The world’s longest lift-served ski run, the Vallée Blanche in Chamonix, descends over a series of glaciers which are melting rapidly.
In good conditions it’s possible to ski or board all the way back to Chamonix but more often guides will end the descent at the historic railway station of Montenvers at 1913m.
Leaving the glacier to reach the train in the early 1990s skiers and boarders climbed a few steps up from the snow to board a short gondola ride up to the train station.
But over the past 140 years the glacier has retreated two kilometres and has lost 220m in depth at the Montenvers station. More poignant is the fact that it has lost 100m depth in the last thirty years. As a result those few steps from the glacier to the bottom station of the gondola have grown to 550 steps in order to reach the bottom of the gondolas up to the station – one of the most unavoidable, in-your-face pieces of evidence of climate change there is anywhere on earth.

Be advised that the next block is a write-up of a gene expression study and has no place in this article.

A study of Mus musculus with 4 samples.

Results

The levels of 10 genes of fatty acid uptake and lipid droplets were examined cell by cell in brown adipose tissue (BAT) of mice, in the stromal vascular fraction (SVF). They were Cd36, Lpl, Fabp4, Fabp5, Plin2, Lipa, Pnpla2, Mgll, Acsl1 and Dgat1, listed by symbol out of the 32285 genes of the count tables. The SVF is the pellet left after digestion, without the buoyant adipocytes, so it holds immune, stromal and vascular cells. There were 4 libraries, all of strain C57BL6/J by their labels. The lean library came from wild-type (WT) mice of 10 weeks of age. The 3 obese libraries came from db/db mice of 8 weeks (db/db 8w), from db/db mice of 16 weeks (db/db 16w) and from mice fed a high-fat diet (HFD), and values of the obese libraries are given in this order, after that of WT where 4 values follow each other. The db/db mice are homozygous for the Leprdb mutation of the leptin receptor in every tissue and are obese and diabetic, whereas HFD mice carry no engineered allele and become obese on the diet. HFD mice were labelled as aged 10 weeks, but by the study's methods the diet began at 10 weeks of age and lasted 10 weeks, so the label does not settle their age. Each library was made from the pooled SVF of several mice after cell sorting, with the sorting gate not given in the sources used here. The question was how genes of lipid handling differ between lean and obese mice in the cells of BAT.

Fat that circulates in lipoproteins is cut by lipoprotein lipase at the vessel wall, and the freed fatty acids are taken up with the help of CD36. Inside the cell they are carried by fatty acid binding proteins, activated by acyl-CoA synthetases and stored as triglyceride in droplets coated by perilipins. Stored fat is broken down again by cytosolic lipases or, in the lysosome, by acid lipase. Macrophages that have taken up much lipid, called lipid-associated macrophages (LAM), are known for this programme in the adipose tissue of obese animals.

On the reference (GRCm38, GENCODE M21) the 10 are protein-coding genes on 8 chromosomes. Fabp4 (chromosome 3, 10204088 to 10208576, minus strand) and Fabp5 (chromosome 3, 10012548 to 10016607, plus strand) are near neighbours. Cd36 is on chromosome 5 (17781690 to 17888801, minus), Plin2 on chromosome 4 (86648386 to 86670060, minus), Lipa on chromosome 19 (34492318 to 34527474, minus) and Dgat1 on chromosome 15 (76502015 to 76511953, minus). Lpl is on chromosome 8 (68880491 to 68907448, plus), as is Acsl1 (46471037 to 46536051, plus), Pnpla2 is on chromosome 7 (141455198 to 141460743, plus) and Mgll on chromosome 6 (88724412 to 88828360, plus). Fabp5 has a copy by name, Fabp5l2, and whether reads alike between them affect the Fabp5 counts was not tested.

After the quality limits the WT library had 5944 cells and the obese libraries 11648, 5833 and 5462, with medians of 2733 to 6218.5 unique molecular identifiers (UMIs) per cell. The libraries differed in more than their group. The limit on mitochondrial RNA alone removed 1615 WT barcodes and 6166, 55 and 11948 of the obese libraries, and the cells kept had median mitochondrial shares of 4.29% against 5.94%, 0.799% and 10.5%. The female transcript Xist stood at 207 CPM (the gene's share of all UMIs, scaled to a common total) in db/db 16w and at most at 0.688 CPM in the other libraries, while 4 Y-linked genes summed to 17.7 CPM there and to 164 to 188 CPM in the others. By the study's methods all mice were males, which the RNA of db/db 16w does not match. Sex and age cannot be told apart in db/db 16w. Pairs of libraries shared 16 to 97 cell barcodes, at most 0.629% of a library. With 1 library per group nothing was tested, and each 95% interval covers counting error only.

It’s also now one of the greatest challenges of the Vallée Blanche descent, the long climb up and out in your ski boots, carrying your skis, with tired legs.
Now the Compagnie du Mont-Blanc have unveiled a 54 million Euros project which will see a new gondola lift built 700 metres further up the mountain where the current level of the ice is more significant, as well as a new Glacier Interpretation Centre (or ‘Glaciorium’), due to be completed for winter 23-24 and in December 2024 respectively.
“We want to make this glacier and climate interpretation centre a world reference. The Montenvers welcomes over 1 million visitors per year, and our aim is to inform them, in a fun way, about everyday actions and the role we can all play in preserving this environment, ” said Matthieu Dechavanne, CEO Compagnie du Mont-Blanc.